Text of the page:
As companies such as Dow Agrosciences, Monsanto and Pioneer push forward with corn seed mixtures that incorporate a 5% refuge in the bag, refuge compliance may soon be a concern of the past.
However, a multitude of scientists recently released a paper that examines the academic differences between insect resistance management in a block refuge versus a seed mixture scenario. Published in the Journal of Economic Entomology, the authors contend there are resistance risks inherent to both refuge systems.
Early on, the article contends scouting and monitoring insect populations will be a more difficult proposition in seed-mixture fields. Most seed mixture products will include a seed treatment on every kernel. With the insurance of Bt and insecticidal seed treatment on every acre, University of Illinois' David Onstad expects less attention will be paid to these fields, unlike a 20% refuge in adjacent fields.
In conjunction with less scouting, entomologists are concerned less attention will be paid to secondary pest outbreaks, such as corn earworm and armyworms. This could shift around the status of some pests. However, Onstad says different regions of the Cornbelt are on higher alerts for what many consider secondary pests.
Onstad also notes seed mixtures could change the pest landscape by affecting the natural enemies of many crop pests. Though, he admits this is primarily a scientific concern and most farmers do not expect pest control via natural predators.
"Entomologists have always hoped natural enemies would play a larger role, but that has not been the case in corn production," Onstad adds.
Lastly, the article notes block refuges may be at more risk for adult behavior to result in resistance development. Conversely, seed mixtures could come with a higher risk of promoting resistance in larval populations.
Monsanto's insect resistance management lead, Graham Head, says the company has been working for more than a decade to quantify the risk for insect resistance to Bt traits as a result of seed mixtures. In the end, human behavior is paramount when protecting Bt's usefulness.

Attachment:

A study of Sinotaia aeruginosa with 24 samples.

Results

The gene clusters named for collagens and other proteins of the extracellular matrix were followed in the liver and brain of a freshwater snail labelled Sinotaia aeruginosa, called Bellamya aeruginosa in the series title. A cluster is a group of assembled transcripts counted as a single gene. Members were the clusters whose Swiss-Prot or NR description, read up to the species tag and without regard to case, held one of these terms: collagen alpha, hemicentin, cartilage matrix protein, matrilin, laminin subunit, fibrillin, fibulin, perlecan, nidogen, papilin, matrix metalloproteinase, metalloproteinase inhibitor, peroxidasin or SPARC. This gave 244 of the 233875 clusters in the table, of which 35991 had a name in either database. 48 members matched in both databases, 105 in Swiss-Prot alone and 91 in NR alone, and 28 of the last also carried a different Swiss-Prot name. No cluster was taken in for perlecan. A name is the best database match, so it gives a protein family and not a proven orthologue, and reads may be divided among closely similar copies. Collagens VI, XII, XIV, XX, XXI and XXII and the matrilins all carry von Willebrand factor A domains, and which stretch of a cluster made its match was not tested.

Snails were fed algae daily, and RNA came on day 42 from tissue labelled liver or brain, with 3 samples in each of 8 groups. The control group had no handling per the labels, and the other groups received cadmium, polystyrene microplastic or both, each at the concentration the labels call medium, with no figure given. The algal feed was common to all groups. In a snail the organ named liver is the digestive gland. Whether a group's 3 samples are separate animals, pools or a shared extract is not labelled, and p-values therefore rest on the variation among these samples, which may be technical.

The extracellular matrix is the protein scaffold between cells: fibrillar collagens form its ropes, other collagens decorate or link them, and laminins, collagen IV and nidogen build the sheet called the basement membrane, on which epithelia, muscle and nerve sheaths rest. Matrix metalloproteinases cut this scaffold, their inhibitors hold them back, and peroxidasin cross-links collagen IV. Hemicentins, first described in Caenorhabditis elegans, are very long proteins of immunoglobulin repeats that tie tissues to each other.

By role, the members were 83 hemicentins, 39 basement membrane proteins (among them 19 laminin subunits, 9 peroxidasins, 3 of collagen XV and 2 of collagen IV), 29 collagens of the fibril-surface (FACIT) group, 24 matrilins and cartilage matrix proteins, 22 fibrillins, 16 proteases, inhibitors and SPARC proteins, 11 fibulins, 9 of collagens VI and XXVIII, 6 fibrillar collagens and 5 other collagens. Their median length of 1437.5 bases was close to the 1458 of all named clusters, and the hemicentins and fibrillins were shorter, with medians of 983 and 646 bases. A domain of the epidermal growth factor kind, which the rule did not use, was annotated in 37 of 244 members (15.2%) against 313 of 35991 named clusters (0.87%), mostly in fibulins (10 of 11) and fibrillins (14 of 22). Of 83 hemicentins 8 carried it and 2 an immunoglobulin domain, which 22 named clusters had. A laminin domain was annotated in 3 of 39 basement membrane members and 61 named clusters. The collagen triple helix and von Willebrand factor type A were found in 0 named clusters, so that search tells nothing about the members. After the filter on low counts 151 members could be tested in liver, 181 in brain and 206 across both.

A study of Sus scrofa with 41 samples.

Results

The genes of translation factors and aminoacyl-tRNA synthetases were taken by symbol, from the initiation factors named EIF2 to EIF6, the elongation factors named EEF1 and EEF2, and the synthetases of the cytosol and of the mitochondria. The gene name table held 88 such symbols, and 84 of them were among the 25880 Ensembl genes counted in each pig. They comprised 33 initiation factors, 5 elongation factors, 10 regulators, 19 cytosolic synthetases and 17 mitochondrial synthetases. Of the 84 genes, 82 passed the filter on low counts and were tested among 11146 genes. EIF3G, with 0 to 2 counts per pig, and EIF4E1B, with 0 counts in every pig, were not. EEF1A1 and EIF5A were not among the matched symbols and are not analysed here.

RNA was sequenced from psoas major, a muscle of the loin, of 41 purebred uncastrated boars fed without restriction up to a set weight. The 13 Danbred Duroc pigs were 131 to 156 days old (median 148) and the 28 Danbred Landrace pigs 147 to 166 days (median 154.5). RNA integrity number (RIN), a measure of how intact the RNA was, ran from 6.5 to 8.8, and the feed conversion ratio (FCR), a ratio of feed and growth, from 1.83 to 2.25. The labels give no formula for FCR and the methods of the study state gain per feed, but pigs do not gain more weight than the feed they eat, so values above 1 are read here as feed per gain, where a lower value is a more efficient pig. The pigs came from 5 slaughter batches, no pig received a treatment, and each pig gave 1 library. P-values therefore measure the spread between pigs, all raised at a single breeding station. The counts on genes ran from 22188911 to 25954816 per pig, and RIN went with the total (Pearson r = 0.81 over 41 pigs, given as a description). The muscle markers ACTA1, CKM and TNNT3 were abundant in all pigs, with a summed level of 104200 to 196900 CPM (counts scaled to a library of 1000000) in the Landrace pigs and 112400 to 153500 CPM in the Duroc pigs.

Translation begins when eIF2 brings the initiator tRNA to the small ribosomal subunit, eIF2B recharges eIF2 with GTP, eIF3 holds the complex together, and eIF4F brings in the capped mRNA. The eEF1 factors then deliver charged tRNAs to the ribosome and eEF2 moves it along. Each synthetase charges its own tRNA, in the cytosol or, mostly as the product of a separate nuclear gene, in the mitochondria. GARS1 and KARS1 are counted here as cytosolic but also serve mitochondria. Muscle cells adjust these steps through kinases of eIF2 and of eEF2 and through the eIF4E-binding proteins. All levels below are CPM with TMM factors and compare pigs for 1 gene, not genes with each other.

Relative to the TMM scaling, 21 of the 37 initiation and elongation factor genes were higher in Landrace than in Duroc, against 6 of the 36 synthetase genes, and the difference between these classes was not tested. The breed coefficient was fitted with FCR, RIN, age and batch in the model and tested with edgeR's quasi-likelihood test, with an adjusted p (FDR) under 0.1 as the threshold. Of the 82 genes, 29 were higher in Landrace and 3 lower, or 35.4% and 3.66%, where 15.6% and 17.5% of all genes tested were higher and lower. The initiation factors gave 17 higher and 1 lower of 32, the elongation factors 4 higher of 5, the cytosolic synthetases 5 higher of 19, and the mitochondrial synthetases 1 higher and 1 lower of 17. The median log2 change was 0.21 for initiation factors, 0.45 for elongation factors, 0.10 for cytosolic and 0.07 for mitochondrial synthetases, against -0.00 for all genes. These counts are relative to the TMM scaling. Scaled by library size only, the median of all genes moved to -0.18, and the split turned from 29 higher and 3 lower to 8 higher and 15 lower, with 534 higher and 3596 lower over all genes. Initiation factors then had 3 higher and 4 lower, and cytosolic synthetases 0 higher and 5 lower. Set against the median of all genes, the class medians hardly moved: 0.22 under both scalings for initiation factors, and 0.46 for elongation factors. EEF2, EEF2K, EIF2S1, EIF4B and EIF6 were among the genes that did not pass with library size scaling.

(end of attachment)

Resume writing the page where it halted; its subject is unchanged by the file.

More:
"This technology removes the complex decisions that come with planting a refuge at a time of the year when growers are already short on time," Head explains. "It removes the concerns for refuge compliance. When you take everything into account, this comes with less uncertainty."
With regard to monitoring for pest outbreaks, Head says it's not more difficult to scout and monitor, it's simply different. As for secondary pests increasing in importance, he points out that Monsanto is in business to develop products the grower needs. Thus, secondary pest status monitoring is high on their list.
Lastly, Head expects growers will see Refuge in the Bag product yields comparable with the company's Genuity SmartStax products, which require a 5% structured refuge.
With the refuge plants interspersed with Bt plants in the RIB products, Head says they will be somewhat protected. At the same time, Head says that "protection" can't work too well, or the risk for pests developing resistance only increases. With RIB set for commercialization next year, Head is confident the company has struck the perfect balance between resistance and yield protection.